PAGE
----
The Urban-Brookings Tax Policy Center recently released a report saying that 61 percent of U.S. households had paid no federal income tax in 2020, up from 44 percent in 2019, as the pandemic led to high unemployment and loss of income. Although the number will likely revert to the mid-40 percent range over time, now is probably a good time to have a discussion about what the right percentage of people paying taxes should be.
But first, it’s always good to point out that while about half of Americans don’t pay income taxes, almost everyone who is employed pays payroll taxes of some sort in the form of the 6.2 percent that is withheld from the first $142,800 of income. It’s important to draw the distinction between income taxes and payroll taxes. Philosophically speaking, payroll taxes are intended to fund one’s own social security. Income taxes are intended to fund government spending, which has been increasing every year.
The burden of funding the government falls on a smaller number of taxpayers. The top 20 percent of taxpayers paid 78 percent of federal income taxes in 2020, up from 68 percent in 2019, according to the Tax Policy Center.
What is the right number of people who should be exempt from paying income taxes? Most reasonable people should agree that number is far less than 61 percent. A household in the 61st percentile of income makes just under $90,000 a year. Almost nobody would consider a household income of $90,000 as affluent, but there is plenty of room to contribute. Consider that the median household income is $68,400, and that Bureau of Labor Statistics data from 2017 show that a typical household with $73,500 in pre-tax income has over $6,000 in savings and over $3,000 in entertainment expenses.
Except for the truly indigent, which I would characterize as households making less than $28,000 a year, we can all chip in. The idea of someone paying no income taxes is offensive to us all, no matter what their wealth and income. They don’t have to pay the same amount in percentage terms, but everyone should have a small financial stake in being a U.S. citizen. It’s what’s called “having skin in the game.”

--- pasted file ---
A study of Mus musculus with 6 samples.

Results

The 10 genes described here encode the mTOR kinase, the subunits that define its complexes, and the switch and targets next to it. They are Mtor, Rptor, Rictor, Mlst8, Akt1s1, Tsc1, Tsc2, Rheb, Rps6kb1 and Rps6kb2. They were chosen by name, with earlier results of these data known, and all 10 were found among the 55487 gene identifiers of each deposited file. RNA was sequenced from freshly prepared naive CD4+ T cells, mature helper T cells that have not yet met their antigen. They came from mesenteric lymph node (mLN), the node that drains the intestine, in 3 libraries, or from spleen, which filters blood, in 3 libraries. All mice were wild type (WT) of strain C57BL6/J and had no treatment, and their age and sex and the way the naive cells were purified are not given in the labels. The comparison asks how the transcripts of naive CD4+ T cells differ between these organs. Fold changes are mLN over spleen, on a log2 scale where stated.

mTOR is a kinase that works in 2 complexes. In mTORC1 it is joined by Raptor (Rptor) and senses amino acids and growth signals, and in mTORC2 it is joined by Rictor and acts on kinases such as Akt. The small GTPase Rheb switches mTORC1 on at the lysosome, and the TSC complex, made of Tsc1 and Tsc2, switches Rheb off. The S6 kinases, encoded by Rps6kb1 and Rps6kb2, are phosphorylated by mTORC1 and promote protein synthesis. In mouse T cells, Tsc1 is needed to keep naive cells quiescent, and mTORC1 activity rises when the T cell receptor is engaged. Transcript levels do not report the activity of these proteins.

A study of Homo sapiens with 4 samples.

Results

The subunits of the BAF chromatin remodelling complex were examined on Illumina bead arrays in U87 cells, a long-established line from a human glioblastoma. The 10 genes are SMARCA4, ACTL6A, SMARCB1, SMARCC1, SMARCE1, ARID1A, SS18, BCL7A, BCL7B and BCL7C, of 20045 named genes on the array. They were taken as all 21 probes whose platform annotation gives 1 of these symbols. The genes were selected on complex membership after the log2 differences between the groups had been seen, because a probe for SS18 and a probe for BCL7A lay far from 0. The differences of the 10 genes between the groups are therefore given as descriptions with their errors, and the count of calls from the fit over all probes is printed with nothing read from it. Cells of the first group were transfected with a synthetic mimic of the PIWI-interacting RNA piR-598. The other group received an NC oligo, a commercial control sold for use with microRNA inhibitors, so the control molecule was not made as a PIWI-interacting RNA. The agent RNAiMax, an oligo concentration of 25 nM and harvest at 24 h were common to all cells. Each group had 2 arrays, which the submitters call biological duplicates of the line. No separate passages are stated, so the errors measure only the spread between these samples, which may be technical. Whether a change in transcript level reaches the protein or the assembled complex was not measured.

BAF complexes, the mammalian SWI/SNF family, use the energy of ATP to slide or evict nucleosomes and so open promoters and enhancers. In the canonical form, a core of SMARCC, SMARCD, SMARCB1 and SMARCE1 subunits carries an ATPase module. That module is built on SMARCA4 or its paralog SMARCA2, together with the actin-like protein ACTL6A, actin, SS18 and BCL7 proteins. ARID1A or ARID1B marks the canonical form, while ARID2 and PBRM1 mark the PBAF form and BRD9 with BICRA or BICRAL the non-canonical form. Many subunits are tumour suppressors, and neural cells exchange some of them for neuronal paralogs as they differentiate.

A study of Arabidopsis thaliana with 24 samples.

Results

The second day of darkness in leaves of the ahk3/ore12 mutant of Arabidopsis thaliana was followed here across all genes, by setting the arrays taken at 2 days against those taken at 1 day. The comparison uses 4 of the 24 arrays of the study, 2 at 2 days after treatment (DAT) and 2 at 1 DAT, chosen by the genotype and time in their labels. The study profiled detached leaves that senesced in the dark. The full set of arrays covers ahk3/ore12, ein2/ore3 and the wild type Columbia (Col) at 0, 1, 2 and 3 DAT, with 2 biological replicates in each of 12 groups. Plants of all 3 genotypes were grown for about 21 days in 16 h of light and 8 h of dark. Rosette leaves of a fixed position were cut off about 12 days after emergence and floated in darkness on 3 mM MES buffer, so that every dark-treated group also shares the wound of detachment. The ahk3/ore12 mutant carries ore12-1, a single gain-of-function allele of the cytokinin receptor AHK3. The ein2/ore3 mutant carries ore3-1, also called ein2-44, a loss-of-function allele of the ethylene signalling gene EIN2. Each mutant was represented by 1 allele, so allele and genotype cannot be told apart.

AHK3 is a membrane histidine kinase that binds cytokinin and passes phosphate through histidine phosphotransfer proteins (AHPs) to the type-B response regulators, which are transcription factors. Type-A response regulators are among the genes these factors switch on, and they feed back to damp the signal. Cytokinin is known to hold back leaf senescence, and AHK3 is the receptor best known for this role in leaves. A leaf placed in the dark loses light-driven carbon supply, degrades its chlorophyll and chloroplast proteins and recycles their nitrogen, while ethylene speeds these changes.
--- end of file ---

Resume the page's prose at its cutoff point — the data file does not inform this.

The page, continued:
This has very little to do with revenue generation (although if the government really was interested in raising more revenue, it would be easier to do it with the middle class than with the rich). It’s the principle that very little is asked of U.S. citizens in terms of participating in civic society. There is no military draft or compulsory service. Voting is not mandatory. All we should ask is that we all do our part and contribute a small amount to the cost of running the government. If people did, they might feel differently about its size and scope. Think of it as Homeowners Association, or HOA dues — nobody likes paying them, but we do.
From a political standpoint, getting everyone with a household income above $28,000 to pay their fair share of taxes would be very difficult to accomplish. It is political suicide to even suggest raising taxes on the poor or middle class. And people have different ideas of fairness. Some think it is unfair that the wealthy pay preferential rates on capital gains and dividends (we lowered those taxes years ago, for good reason). I happen to think it is unfair that 61 percent of Americans have no income tax liability. Whether you think it’s fair or not probably depends where you sit on the political spectrum.
Global leaders are currently having discussions about implementing a minimum tax rate of 15 percent for corporations. Why not a minimum tax rate for individuals? It doesn’t have to be much — even 5 percent would do. When you have a financial stake in something, you tend to care more about what happens to that thing. A small contribution would cause people to be much more concerned about how money is spent in D.C., which would be a good thing.
The next time you hear someone tell you with great indignation that they’re a taxpayer, remember that there’s a 61 percent chance that they are lying.